Agrobacterium tumefaciens-mediated genetic transformation of Digitalis purpurea L.

Research paper by Naivy Pérez-Alonso, Borys Chong-Pérez, Alina Capote, Anabel Pérez, Yovanny Izquierdo, Geert Angenon, Elio Jiménez

Indexed on: 20 Aug '14Published on: 20 Aug '14Published in: Plant Biotechnology Reports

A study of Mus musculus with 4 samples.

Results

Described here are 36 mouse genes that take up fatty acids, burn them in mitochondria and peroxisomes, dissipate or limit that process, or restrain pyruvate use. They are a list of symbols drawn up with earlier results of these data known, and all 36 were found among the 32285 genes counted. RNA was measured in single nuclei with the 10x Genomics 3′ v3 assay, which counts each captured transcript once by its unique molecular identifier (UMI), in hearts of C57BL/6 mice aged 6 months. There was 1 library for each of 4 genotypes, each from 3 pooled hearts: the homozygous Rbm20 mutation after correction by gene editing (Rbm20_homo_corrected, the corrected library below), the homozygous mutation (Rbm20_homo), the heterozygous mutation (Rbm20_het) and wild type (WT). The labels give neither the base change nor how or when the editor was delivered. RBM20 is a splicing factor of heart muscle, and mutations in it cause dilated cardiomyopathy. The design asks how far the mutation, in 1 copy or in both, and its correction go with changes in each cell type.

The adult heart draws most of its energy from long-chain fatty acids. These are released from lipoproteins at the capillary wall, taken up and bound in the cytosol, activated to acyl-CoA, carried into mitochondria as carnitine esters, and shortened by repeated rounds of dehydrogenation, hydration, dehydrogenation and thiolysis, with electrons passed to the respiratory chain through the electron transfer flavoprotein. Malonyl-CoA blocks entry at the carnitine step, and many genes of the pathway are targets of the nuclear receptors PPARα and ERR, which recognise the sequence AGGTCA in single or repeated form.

Genetic transformation is a tool of special interest for developing new biotechnological strategies for the production of bio-active compounds such as cardenolides, which are exclusively obtained from plants. To date, Digitalis plants are the main economically viable source of cardenolides for the pharmaceutical industry. This study describes the development of efficient plant regeneration and Agrobacterium-mediated genetic transformation protocols for Digitalis purpurea L. First, a plant regeneration procedure starting from leaf segments of in vitro-cultivated plants was established and the minimal inhibitory concentration of G-418 (geneticin) for callus induction was determined. Both leaf segments and callus tissue were sensitive to G-418 70 mg l−1. Afterwards, two Agrobacterium strains were used to test their T-DNA transfer ability on D. purpurea leaf tissues, EHA105 and C58C1RifR (pMP90), both harboring the binary vector pTJK136. Strain C58C1RifR (pMP90) yielded a higher number of transformed plants than EHA105. Successful transformation was confirmed by histochemical β-glucuronidase (GUS) assays of the putative transgenic tissues and PCR analyses using β-glucuronidase (uidA)- and neomycin phosphotransferase II (nptII)-specific primers. Southern blot hybridization confirmed the stable integration of the nptII gene in the transgenic plants. In total, 518 independent transgenic lines were regenerated with an average of 6.91 transgenic lines per initial leaf segment infected with A. tumefaciens strain C58C1RifR (pMP90). To date, only a few studies have been published on the genetic transformation of Digitalis species. The protocols for plant regeneration and genetic transformation described in this paper will contribute to functional studies for a better understanding of cardenolide biosynthetic pathways and the metabolic engineering of cardenolides to develop high-yielding improved genotypes.